Does Homeowners Insurance Cover Dog Bites?

Usually, dog bite injuries are covered by homeowners insurance. Your liability or medical payments coverage will determine how much dog bite insurance you have.
Aug 6, 2020


The liability coverage provided by your homeowners policy pays out when someone is injured due to your negligence, like when they fall on your broken walkway or are bitten by a dog in your care. Homeowners insurance has two broad components — property insurance to cover your things (including structures and belongings) and liability insurance to cover you.

In most cases, homeowners insurance covers dog bites and can help cut down on the long-term financial impacts of your dog’s actions. In 2019, the insurance industry paid out almost $800 million in liability claims due to dog bites and other dog-related injuries, according to a study from the Insurance Information Institute and State Farm. Those claims cost, on average, $44,760. Both the number of claims and the average size have risen in recent years.

Dog bite insurance

Your homeowners insurance doesn’t explicitly cover dog bites. Instead — with some exceptions, like medical payments as explained below —  dog bites are rolled into liability coverage. That means if a dog in your care bites someone and you are found liable in court, your insurer will pay the medical bills of the victim and any legal expenses you may wind up with, up to the limits of your policy.

The bite doesn’t have to happen at your home, either. While it’s called "homeowners insurance," your home is almost secondary in this case. The real coverage is for your legal liability. Dog bites found to be your fault are covered almost anywhere they happen.

There are some situations where your insurer won't pay for dog bite injuries. If you set your dog on someone or encourage the dog to bite someone, you won't be covered. If a dog bites someone in a business setting —  a dog grooming business you run out of your garage, for example — your homeowners policy won’t cover it, although business insurance might.

That means the amount of dog bite insurance you have depends on the liability coverage included in your homeowners insurance policy. Typically, this will be between $100,000 and $500,000.

Medical payments coverage for dog bites

Liability insurance is important when your dog seriously injures someone, but sometimes the injury is more minor. If a neighbor is bitten and needs to go to the doctor for a few stitches or a shot, they might not be interested in squeezing every dime they can out of you, especially if it was an accident or their fault.

In those less-serious cases, your homeowners insurance medical payments coverage will come into play. This is a no-fault insurance, which basically means it cares about what happened, not why it happened or who did what. Medical payments coverage usually comes in smaller amounts than liability insurance and can be used for less-major medical bills.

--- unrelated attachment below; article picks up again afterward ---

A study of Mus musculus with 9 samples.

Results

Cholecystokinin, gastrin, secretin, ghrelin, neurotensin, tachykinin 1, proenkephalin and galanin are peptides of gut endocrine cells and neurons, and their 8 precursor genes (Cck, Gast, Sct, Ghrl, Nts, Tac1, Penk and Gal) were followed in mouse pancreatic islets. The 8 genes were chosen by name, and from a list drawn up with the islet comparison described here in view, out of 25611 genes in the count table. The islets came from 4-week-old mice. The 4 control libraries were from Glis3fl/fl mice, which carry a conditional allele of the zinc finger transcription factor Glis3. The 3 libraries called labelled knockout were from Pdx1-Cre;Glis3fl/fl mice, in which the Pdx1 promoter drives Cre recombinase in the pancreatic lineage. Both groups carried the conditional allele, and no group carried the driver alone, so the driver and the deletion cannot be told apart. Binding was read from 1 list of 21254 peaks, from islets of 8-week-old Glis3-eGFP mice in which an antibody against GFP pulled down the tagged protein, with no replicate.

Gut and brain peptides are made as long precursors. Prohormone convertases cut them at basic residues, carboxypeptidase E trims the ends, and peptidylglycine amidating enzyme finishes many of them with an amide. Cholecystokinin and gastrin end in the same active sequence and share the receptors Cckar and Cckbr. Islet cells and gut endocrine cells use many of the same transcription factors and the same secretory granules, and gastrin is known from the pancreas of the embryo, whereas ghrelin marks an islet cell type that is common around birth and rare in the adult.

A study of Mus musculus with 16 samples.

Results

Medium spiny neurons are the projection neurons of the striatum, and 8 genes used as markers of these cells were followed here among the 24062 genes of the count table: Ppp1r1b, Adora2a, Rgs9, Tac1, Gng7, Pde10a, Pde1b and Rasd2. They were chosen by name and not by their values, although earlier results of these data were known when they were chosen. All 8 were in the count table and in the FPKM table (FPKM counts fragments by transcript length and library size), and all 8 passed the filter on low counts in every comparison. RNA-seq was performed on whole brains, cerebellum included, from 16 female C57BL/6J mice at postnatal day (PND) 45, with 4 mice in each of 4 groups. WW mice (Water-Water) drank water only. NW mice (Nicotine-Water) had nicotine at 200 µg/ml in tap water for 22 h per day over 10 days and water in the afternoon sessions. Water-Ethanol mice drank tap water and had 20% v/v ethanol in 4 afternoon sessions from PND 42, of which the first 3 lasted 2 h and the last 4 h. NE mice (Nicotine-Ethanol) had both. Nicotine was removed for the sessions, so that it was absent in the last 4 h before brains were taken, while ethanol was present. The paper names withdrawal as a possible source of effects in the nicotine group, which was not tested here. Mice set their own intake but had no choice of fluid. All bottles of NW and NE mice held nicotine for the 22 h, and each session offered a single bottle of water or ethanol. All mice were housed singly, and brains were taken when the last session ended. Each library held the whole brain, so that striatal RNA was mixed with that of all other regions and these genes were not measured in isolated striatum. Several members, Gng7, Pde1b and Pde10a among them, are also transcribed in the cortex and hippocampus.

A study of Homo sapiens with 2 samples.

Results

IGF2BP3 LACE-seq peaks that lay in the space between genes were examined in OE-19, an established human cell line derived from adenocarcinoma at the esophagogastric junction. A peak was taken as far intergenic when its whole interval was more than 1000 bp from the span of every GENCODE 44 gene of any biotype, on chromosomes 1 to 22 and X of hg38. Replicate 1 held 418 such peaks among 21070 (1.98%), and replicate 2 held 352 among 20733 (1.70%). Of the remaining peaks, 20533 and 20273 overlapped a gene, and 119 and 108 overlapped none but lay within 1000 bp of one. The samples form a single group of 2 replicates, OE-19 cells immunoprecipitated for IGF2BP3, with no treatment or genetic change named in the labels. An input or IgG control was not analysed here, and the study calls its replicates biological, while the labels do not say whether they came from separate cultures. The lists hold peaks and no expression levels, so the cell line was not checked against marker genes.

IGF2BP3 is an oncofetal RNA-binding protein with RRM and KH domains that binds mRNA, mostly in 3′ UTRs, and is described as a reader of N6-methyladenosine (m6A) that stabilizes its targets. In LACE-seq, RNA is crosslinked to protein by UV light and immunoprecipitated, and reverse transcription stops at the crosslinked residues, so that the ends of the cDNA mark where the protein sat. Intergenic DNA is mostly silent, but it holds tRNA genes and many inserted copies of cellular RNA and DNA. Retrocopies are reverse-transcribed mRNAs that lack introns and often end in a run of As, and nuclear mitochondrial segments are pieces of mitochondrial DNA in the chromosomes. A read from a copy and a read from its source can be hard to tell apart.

Homeowners insurance breed restrictions

While some insurers will cover your home and any dog bites regardless of what kind of dog you have, other insurers won't. These breed restrictions can make purchasing a policy that fits your life more difficult, especially if you own a dog that shows up on dangerous breed lists.

Pit bulls often make up the bulk of these lists, even though the term "pit bull" can apply to many dogs of mixed breeding. That’s one of the reasons some scientists and health professionals are hesitant to call any breed more dangerous than another.

But some states have enacted breed-specific laws and some insurers limit the breeds covered as part of a homeowners policy. Over 20 states have rules against breed-specific laws or have never passed such a law, though five states allow local restrictions.

Those local regulations can include restrictions on ownership and rules for owners of specific breeds (e.g., posting signs, using special colored collars, pay a fee). It can also include having liability insurance to cover damages caused by those dogs.

If your insurer won’t cover your dog because of its breed, you might want additional personal liability insurance. Umbrella insurance may give you the coverage you need. You could also switch your homeowners insurance to a company that doesn’t care about your dog’s breed.

Landlord responsibility for dog bites

Generally, laws hold dog owners responsible for dog bite injuries. However, landlords can be included in personal injury lawsuits if the owner of the dog doesn’t have enough of their own liability insurance to cover damages or if the landlord was found to be negligent.

As a landlord, your exposure to liability could be increased if you were aware of the presence of a restricted breed or dangerous dog, yet took inadequate action to confine or remove it.